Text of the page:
Diabetes Type Discrimination Amongst Diabetics Themselves

By DiabeticParents Latest Reply 2014-12-10 02:33:20 -0600
Started 2009-08-19 22:00:18 -0500

I often overhear blasts from Type 1 and Type 2 diabetics. On one blog I read "We didn't choose to get this disease" from one T1 diabetic. I agree. But why the rude blast to a Type 2 diabetic asking a simple question about caring for her diabetes? I've also heard comments like "Type 1 diabetes is an immune disorder. Type 2 diabetes is a choice." Working in the medical field, I've tried very hard to distinguish the two and make others aware that T1 and T2 diabetes are very different.

Having a spouse with diabetes is a tough one. When he was in his teens, his Mom tells me she only had to tell people he had diabetes and it was easy. Now that he's in his early 30's, I have found myself distinguishing the two with people. I now find that I introduce my husband or myself as the "spouse of a Type 1 diabetic" or telling people that "my husband has Type 1 diabetes."

Others argue with me. A friend said, "You should just say that he's diabetic. All people who have diabetes no matter the type are diabetics. Not Type 1, or Type 2." Maybe she's right. Or maybe she's wrong.

When we had the "Night of Healthy Eating Party" there were some major differences. The Type 1's kept asking me how many carbohydrates a meal had. Then you saw them giving a bolus. The Type 2's often asked me how many carbohydrates and how many calories a meal had. Most of the Type 2's were on a calorie restriction diet of some sort.

Can you really lump the two together? If a pregnant women said, "I have diabetes" would you assume it was gestational, Type 1 or Type 2? Most outside the diabetic community would probably assume gestational.

This comment from one of our readers was awesome and I thought that I should add it:
"My husband was diagnosed at age 23 with T1D and my daughter was diagnosed at age 4 with the same. My father is a T2D. Unfortunately, I think in large part due to the misinformation the public at large has with respect to the different types of diabetes, a lot of T1Ds feel like they get lumped in with T2D directed media and have to field ignorant comments about what they eat, etc. It often feels like no one gets it that T1D is managed differently than T2D which breeds a lot of frustration and anger. Sadly, that anger and frustration is often directed at the wrong people. I will say we try very hard as a family not to judge or assume things because we so dislike it when we're on the receiving end of that type of behavior. However, I also have to say when some well meaning person tells my daughter they "understand" because they have T2D which they got at 50 and do not have to check 10 times per day, wear a pump, take insulin for every carb and basal, wear a CGMS or carry tabs and glucagon for fear of immediate coma or death - we do fight the urge to roll our eyes. I will also say personally, I hate the TV ads about "diabetiss" that talk about coding meters as if it rocket science or that eating the right foods and more exercise helps manage blood sugars. They NEVER say this is for T2D which is part of the reason the public thinks my daughter just shouldn't eat cupcakes and exercise more and then she'd be okay. We actually had a Costco employee sampling food tell her she's be cured if she took this supplement her doctor gave her that "cured" her diabetes - and yes I did assume T2D at that point. It is this kind of attitude and behavior that gets irritating, especially when it happens so often- even with people who are otherwise very intelligent. D stinks all the way around- for T1 and T2 and T1.5 and gestational, etc - it really does. However, I do sometimes feel like part of the D package seems to be constantly educating people on crazy myths, common misconceptions and just grossly inaccurate information which gets annoying regardless of the Type. I wish they all had different names, really. I often get asked if my daughter will grow out of it or if she has the "bad" type - as if any type is good. In the end, though, we all share the common goal of a cure - for all types."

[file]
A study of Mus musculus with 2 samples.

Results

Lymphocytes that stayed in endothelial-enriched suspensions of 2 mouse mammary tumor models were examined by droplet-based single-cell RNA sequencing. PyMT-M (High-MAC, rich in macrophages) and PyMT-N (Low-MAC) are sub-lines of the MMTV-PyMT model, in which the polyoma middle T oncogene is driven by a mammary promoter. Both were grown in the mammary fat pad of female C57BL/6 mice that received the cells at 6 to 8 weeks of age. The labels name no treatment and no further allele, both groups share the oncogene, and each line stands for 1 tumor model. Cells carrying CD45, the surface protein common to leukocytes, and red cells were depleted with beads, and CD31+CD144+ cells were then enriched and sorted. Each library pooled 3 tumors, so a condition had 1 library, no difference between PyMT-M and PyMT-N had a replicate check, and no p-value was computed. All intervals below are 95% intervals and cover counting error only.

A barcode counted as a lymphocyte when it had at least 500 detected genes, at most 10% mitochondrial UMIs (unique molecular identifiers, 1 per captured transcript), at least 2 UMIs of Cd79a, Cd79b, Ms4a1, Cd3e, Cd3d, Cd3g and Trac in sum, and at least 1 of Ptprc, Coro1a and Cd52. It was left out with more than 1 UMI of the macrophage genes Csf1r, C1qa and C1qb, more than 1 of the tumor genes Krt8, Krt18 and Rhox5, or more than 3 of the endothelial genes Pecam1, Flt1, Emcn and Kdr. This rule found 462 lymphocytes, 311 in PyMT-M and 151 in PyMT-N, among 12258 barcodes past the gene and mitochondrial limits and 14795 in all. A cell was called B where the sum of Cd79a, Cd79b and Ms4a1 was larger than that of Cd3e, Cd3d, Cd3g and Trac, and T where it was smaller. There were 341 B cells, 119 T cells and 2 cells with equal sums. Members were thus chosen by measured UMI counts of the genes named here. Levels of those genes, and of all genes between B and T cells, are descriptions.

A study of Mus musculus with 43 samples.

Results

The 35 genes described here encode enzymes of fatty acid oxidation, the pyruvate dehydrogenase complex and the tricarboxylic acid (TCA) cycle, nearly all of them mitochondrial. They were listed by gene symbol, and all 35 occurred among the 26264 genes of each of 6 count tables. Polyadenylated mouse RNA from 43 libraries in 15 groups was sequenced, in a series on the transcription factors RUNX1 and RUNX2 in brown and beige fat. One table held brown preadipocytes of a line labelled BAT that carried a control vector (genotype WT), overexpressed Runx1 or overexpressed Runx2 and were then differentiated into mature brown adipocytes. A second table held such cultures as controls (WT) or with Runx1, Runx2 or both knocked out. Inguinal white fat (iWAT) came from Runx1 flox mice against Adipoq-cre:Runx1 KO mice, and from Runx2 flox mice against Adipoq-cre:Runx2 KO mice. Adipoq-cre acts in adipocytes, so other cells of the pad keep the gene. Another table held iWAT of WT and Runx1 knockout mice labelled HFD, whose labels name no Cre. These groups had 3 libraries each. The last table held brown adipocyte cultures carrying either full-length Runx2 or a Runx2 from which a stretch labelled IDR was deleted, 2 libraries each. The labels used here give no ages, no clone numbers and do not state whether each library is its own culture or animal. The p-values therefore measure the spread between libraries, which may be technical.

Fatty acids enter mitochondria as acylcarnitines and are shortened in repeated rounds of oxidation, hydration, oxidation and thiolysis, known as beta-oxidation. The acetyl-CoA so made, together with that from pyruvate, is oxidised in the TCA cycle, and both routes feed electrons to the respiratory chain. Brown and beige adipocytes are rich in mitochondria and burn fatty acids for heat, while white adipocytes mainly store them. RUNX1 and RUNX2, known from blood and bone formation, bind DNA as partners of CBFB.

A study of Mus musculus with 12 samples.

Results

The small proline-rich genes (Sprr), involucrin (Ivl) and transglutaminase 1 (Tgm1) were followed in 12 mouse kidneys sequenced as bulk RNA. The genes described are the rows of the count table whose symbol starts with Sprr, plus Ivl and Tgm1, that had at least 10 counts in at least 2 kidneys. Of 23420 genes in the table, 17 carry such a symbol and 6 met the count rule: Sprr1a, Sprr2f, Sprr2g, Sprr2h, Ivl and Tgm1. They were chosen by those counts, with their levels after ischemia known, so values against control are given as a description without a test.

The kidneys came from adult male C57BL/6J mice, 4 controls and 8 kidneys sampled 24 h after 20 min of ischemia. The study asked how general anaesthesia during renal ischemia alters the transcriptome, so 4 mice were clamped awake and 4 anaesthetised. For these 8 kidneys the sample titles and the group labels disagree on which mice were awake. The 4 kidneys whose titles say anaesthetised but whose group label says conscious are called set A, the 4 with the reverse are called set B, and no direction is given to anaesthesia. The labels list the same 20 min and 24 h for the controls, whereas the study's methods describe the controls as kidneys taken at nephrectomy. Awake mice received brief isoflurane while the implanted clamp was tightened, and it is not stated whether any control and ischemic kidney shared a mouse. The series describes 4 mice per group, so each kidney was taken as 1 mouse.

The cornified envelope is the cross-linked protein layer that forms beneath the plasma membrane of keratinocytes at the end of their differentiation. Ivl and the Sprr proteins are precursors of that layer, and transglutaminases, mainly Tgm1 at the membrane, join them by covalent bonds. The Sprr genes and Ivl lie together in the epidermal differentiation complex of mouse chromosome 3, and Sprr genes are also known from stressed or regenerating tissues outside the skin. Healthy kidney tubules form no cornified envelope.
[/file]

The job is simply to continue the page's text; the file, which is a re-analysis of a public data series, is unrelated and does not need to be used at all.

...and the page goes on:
Have you experienced diabetic type discrimination? Do you find this to be true or not?

1 reply

Beca1 2014-12-10 02:33:20 -0600 Report

From what I have gathered is that type 2's don't take insulin and type 1's do. Both types need to watch their consumption of Carbs, both types need to be careful of what they eat and their weight if they are over weight. Both types have to be concerned with their hearts, skin, kidneys, eyes and basically the same issues. Diabetes is a malfunction in the body and we do need to change our life-style and get weight under control if this is an issue. Me, I just don't tell anyone my personal stuff, it does not matter if I am type 1 or 2 it is no one's business.